The NHL trade winds stir. According to TSN’s Insider Trading segment, Frank Seravalli says the Vegas Golden Knights have “doubled down” on its efforts to deal Max Pacioretty. The Golden Knights forward has three years remaining on his contract with an AAV of $7M per season. Cash out is $7M this season and falls to $5.25M for the remaining two years.
My first reaction to hearing the news was that this is crazy. I know Vegas is currently just under $1M above the salary cap for this season. Pacioretty is the second-highest earning forward behind Mark Stone so from that standpoint it makes sense. From a purely cap viewpoint I get it.
But didn’t Pacioretty just drop a 32-goal, 66-point season in 71 games? Yes he did, and those are his highest totals since 2016-17 with the Montreal Canadiens. He also just turned 32 in November. Three more years puts him into his mid-30s and it’s possible this last season could be his final 30-goal campaign. Skills deteriorate and Father Time is undefeated.
Selling high isn’t the worst thing to do.
It certainly means the Golden Knights have to replace him if they deal him. Or split the money on two or more players if you decide to spend it. Mike Hoffman is still looking for a home. Whispers have former Golden Knight Erik Haula potentially returning to the fold as well. There are other names available, or Vegas could choose from some in-house options here. For the purpose of this article I’m going to proceed as if the return is some mix of draft picks and prospects. If a blockbuster trade happens all bets are off.
The most obvious immediate scenario here is to put Alex Tuch back in the top six. It’s funny how just yesterday I wrote about Tuch’s performance dropping after Mark Stone came aboard because he ended up on the third line. I could see him moving back up on the left side for that second unit and resuming his previous production. If anyone should be excited about a potential deal, it’s Alex Tuch. It makes a lot of sense when you have a 24-year-old winger who has already shown himself capable of playing the role.
If that’s the case, it also makes more sense to bring back a known commodity like Haula as opposed to Hoffman. I know Hoffman is a 30-goal scorer and at 30 years old is a bit younger than Pacioretty. But he’d also chew up almost all of that cap space created by moving Pacioretty. Hoffman’s agent, Robert Hooper, has indicated his willingness to take a one-year deal at this point so perhaps there’s that. But if he scores 30+ again the price isn’t going down. Is Hoffman worth it as a single season rental? Maybe. Don’t get me wrong, if they bring in Hoffman that’s a huge add. It might also give them flexibility to make another deal if they wanted.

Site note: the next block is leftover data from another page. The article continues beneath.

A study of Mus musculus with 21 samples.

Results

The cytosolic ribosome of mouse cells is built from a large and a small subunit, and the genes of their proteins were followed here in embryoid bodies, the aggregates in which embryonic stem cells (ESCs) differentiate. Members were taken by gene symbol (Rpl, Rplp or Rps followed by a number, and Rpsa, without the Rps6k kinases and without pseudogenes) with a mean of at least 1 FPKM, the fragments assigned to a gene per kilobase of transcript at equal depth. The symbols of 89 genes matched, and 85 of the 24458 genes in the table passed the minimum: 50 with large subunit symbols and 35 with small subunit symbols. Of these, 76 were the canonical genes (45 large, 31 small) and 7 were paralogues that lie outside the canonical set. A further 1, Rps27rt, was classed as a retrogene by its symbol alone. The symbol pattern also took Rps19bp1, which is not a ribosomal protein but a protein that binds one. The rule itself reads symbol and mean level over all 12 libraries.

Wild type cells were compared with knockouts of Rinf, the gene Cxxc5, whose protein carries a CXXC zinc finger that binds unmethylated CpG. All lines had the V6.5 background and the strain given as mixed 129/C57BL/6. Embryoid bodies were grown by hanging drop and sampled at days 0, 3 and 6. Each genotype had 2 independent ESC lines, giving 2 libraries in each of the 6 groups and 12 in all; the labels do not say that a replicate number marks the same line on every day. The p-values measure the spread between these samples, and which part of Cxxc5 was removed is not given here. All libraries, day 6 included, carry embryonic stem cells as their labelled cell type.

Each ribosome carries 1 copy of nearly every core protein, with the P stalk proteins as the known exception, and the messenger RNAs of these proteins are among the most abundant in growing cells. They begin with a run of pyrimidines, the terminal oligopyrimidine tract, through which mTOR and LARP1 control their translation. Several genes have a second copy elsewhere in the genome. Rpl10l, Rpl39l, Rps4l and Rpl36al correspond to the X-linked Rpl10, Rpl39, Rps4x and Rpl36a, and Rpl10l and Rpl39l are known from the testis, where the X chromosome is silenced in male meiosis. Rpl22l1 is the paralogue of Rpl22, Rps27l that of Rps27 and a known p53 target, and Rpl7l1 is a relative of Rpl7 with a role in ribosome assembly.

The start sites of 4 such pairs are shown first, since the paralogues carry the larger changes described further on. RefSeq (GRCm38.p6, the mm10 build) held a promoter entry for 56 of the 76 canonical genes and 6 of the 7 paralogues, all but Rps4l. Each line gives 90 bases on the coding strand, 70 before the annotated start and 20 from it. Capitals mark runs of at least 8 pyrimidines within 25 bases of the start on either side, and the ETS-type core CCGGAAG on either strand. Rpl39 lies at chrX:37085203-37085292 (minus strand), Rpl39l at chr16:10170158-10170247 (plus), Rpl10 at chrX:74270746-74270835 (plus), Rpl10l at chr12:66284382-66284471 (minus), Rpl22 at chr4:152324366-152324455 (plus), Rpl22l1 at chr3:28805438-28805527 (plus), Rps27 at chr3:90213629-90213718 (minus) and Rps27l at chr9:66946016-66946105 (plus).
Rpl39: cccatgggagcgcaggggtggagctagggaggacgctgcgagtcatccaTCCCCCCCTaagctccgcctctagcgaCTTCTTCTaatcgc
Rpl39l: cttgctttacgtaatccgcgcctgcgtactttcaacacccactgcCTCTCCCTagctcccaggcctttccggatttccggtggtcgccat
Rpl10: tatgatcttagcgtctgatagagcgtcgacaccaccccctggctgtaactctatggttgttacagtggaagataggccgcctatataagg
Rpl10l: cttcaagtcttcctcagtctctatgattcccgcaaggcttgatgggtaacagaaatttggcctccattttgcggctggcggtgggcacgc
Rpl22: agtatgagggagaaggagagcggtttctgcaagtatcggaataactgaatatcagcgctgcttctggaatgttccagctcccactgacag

Getting back to Haula, his best year far and away came with the Golden Knights in 2017-18 when he posted 29-26-55 and established some chemistry with the aforementioned Tuch. Unfortunately for Haula, a knee injury stole most of the next campaign from him and he was subsequently traded to Carolina. The question is whether or not he is able to recapture some of his pre-injury form. It’s tempting to want to bring him back and see if the magic reappears. There were times last season he showed flashes of brilliance. It would be a risk but perhaps one the VGK are willing to take at the right price.
Don’t forget that the Golden Knights also signed Tomas Jurco to a one-year deal and traded for Dylan Sikura. Both players have NHL experience. And there are many players within the organization who look to make the jump to the NHL this year. One other player I haven’t mentioned is Jack Dugan, who looks to turn pro this year after leading the NCAA in scoring last season with the Providence Friars. While the jump to the NHL from college is a big one, Dugan looks to have the potential to make it happen.
If the Golden Knights are going to trade Max Pacioretty, I think they’ll be fine in the long run. After getting over the initial “you can’t do that” reaction, the more I look up and down the roster the more confident I feel they would be just fine. My real concern is chemistry. The Golden Knights have shown the ability to continue to evolve and keep winning despite some pretty massive roster churn from three years ago. However at some point, you have to stop making moves and cement that core. Let players grow together over the long term. If Vegas is one move (potentially two with Marc-Andre Fleury TBD) away from that, let’s get it done and put it in gear for another Stanley Cup run.